The Bird Way | Jennifer Ackerman

Summary of: The Bird Way: A New Look at How Birds Talk, Work, Play, Parent, and Think
By: Jennifer Ackerman


Embark on a fascinating journey into the lives and minds of our feathered friends through ‘The Bird Way: A New Look at How Birds Talk, Work, Play, Parent, and Think’ by Jennifer Ackerman. Discover the astounding intelligence and creativity of birds as they use tools, manipulate fire, and indulge in strategic hunting. Uncover the playful and nurturing side of these creatures as they create diverse nesting environments and adopt varied parenting styles. This book summary offers a vivid glimpse into the captivating world of birds, surprising us with their innovation, adaptability, and intricate behaviors.

Birds as Ingenious Toolmakers

Birds employ an array of tools to access their food resources, defying the notion of being “bird-brained.” From leaves and dead insects to durable pandanus leaves, crows in New Caledonia, among others, use an impressive range of tools to extract grubs from small holes and cracks. The fact that these birds can create complex tools means they have an image of what they want in their minds before constructing it. Woodpecker finches go a step further by modifying cacti spikes with their beaks to impale insects to eat. The Australian songbird called the Sittella finds food by probing holes in gum trees with specially selected twigs for grub extraction. Overall, the book summary highlights the remarkable intelligence of birds and their ability to use tools to attain precious food resources.

Raptors and Fire

Fire is a vital component of savannas and prairies as it clears off old plant matter, invigorates the soil, and starts new growth, but it also serves as a means of food for birds of prey. Researchers in Oklahoma have counted over 500 raptors during fire season, seven times more than outside the fire season. Raptors depend on the fires to flush out their favorite snacks, like voles, mice, rats, and ground birds, which boosts their abundance and chances of survival. Some raptors, like the “firehawks” in northern Australia, even start their own fires to guarantee the first pick at dinner. Fire has thus become a tool for altering the environment and generating extra calories not only for humans, but also for animals.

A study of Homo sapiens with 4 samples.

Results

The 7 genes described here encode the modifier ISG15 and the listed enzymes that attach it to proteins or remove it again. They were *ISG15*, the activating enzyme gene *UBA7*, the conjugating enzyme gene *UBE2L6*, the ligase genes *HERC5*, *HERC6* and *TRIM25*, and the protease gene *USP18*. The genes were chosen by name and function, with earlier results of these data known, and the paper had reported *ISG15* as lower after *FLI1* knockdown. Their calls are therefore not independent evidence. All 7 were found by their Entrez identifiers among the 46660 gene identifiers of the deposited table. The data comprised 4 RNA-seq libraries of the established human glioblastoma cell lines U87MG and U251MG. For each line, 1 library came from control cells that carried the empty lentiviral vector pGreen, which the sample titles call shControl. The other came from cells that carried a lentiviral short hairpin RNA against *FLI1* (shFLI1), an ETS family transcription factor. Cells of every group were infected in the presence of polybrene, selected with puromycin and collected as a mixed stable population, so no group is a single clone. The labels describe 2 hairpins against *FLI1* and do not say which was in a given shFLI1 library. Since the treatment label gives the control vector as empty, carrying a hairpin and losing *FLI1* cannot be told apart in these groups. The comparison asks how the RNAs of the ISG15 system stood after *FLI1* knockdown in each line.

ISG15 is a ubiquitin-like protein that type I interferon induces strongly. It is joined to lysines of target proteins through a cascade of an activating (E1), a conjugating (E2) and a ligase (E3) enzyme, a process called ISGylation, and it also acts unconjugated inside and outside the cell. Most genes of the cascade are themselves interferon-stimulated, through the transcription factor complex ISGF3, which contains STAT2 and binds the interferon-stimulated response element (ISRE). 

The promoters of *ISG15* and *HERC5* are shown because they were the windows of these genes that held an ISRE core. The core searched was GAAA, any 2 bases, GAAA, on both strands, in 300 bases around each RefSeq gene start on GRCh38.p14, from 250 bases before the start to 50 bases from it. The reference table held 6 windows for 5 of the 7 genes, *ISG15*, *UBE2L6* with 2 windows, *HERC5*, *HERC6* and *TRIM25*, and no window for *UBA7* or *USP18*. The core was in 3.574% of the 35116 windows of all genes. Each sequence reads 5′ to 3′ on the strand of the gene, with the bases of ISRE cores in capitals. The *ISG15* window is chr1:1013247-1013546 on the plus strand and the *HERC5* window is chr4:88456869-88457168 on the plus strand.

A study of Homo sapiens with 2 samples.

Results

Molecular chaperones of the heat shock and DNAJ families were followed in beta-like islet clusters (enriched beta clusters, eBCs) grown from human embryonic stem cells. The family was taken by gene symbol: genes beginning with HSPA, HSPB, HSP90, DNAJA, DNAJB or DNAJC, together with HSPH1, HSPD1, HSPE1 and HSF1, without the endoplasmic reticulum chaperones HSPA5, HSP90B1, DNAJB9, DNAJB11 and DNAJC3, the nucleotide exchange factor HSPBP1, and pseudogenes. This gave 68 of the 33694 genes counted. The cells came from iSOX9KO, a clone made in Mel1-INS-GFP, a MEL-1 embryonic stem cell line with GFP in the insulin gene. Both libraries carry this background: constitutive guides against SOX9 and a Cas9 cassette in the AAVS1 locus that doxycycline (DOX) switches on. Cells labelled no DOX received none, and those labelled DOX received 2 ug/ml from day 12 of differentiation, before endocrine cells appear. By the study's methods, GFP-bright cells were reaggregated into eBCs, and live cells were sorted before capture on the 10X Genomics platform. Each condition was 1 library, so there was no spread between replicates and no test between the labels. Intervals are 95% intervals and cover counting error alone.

Life in the Costa Rican Rainforest

The Costa Rican rainforest is full of both large and small predators. Army ants are a mobile nest of killing machines that attack everything in their path, forcing smaller insects and prey out into the open to be caught by opportunistic predators known as ant followers. These ant birds circle the swarm, using kleptoparasitism to steal food. Although army ants can easily kill ant followers, they’re still an important food source. Ant followers cannot hunt at night, but army ants help to corral their prey, making it easier for ant birds to get their fill of nutritious and large critters like crickets, spiders, and scorpions. Without the ants, it would take these birds an entire day to rack up the same calorie count that they get in just two hours.

The Playful Side of Ravens

Ravens have a reputation for being dark, ominous birds associated with death. However, they also have a playful side that is often overlooked. While their society is hierarchical and disputes usually end in bloodshed, ravens love to play. They surf down pebbled river banks, fly with sticks, and even perform aerial barrel rolls. Although play requires energy that could be used for growing or hunting, scientists speculate that it allows animals to hone life skills. Alternatively, play may simply be pleasurable, as the brains of ravens release dopamine–a chemical associated with sensations of pleasure–when they play. This suggests that play may be a reward in itself for these highly playful birds.